An ASC won a national award for its quality improvement and efficiency project to reduce average operating room turnover time, which was 22.8 minutes.

  • One of the first challenges was building trust and a team mentality among the ASC’s employees.
  • The creative solution was to build team spirit through a NASCAR pit crew model. Then, the organization gave pit crew titles to operating room staff, including “kick starter” for the pre-op nurse, who starts the IVs for patients.
  • Reinforce changes through feedback and praising staff for successes.

When Surgery Center Fremont in Fremont, CA, opened a couple of years ago, the ASC faced multiple challenges, including building a team out of many people who didn’t know each other.

The ASC’s efficiency effort succeeded in reducing its average turnover time from 22.5 minutes to 17.6 minutes, a 22% reduction, within 30 days of implementing changes. It was reduced even more by June 2017 to 15.8 minutes. The program’s creativity and success resulted in Surgery Center Fremont winning the 2016-17 Bernard A. Kershner Innovations in Quality Improvement Award from the Accreditation Association for Ambulatory Health Care (AAAHC).

“After we spent the first couple of months acclimating to the building, there was a whole trust piece of learning how to work together,” says Robin Menefee, RN, BSN, MBA, nursing director at Surgery Center Fremont.

Employees had not yet learned to think like a team, and this deficit showed in the high turnover time, which was 22-25 minutes on basic cases, Menefee says.

“After our first huddle, we had to focus on that,” she says. “We had to work on engagement and helping people get to know each other.”

Menefee experienced a creative breakthrough one day while in her Mini Cooper waiting on a red light to change. A man in a racing BMW pulled up next to her, revving his engine and gesturing that he wanted to race. “I thought, ‘Of course not!’” Menefee says. “It made me think of a NASCAR pit crew and how they can do whatever they need to do to get a racer back out there quickly, and that’s what we’re looking for in the OR — fast and efficient,” she explains.

Menefee researched NASCAR pit crew work and turned that model into a model for her OR team. (See story in this issue on how ASC cuts turnover time.)

“We came up with titles for roles and talked about maintaining those same roles for people when they do a turnover,” she says.

For example, the “kick starter” became a pre-op nurse, who starts the IVs for patients. The lack of an IV can delay a procedure. Another role is the “pit boss,” which is the charge nurse. The pit boss/charge nurse manages the pit or core of the OR daily, directing staff and making sure cases are staged and prepared before the next case goes into the OR.

The “collector” is the surgical scrub tech, says Nathalie Waite, RN, MSN, CNL, registered nurse at Surgery Center Fremont.

“They collect all the dirty instruments and remove them from operating rooms to take to decontamination,” Waite says. “Then, they come back into the OR and should be ready to start opening a new sterile table for the next case.”

The “compressor” is the role fulfilled by the anesthesia technician, who handles turnover of anesthesia-related supplies and equipment. “They bring in any conditioning devices or airways needed for the next case,” Waite says.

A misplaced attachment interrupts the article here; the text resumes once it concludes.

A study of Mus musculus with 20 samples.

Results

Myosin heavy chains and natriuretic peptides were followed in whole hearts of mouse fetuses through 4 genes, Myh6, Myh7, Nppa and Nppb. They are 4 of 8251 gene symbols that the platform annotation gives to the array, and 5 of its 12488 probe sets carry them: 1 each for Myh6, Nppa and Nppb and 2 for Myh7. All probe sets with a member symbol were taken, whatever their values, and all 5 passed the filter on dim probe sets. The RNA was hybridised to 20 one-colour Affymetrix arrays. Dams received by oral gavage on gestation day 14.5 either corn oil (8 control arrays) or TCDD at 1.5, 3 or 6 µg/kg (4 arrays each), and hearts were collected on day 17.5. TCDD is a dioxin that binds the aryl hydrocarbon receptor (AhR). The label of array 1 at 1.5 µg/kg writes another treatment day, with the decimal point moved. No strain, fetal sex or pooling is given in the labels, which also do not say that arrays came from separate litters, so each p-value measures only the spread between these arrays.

The last role is the “sweeper,” which is a position assigned daily. The sweeper is the cleaner, the person who wipes down all surfaces, mops floors, takes out trash, and remakes the bed once everything has been cleaned, Waite says.

Each pit crew member had specific goals and tasks related to accelerating the turnover process.

Menefee presented the pit crew concept to the staff, and she hoped her enthusiasm for it would be contagious. But after she introduced the idea, she received pushback from employees.

“I gave them two months to say, ‘I don’t like this or that,’” she says, adding that she listened respectfully to complaints.

After a couple of months, Menefee told ASC staff that the new OR pit crew program would launch for a 30-day trial period. After trying the new process for a month, they could re-evaluate it and talk about improvements.

“After we started using that model, the comments were huge,” Menefee recalls. “Doctors noticed the change immediately, and they would comment to staff, saying, ‘Things are working so smooth — I love my turnover. What are you doing different?’”

Once the staff received the positive feedback from physicians, their perception of the change began to improve. Staff buy-in also improved when Waite began working at the ASC, soon after the beginning of the implementation, Menefee notes.

“Nathalie had a completely positive attitude and said, ‘Sure, I’ll do it,’” she says. “I’m not in the OR all the time, so when things are sliding back, I might not see it. But she was there, and she did daily huddles with the team to make sure they understood that this is what we were doing and will continue doing.”

Waite embraced her role as pit crew cheerleader. “I have a very loud personality, at times, and I can get people excited about things if I’m excited about it,” she says. “Quality improvement is very much about keeping people informed of their successes.”

Each day, they’d see a report on turnover times, per room and case. Then, during the daily huddles, the team would discuss the times, what worked, and what could improve.

“People got competitive about it and wanted to do better,” Menefee says.

“I have this deep-seated interest in quality improvement and efficiency, so I was excited about the idea,” Waite says. “The bottom line is if you are more efficient, you can schedule more cases, and physicians are happy, patients are happy, and staff is satisfied.”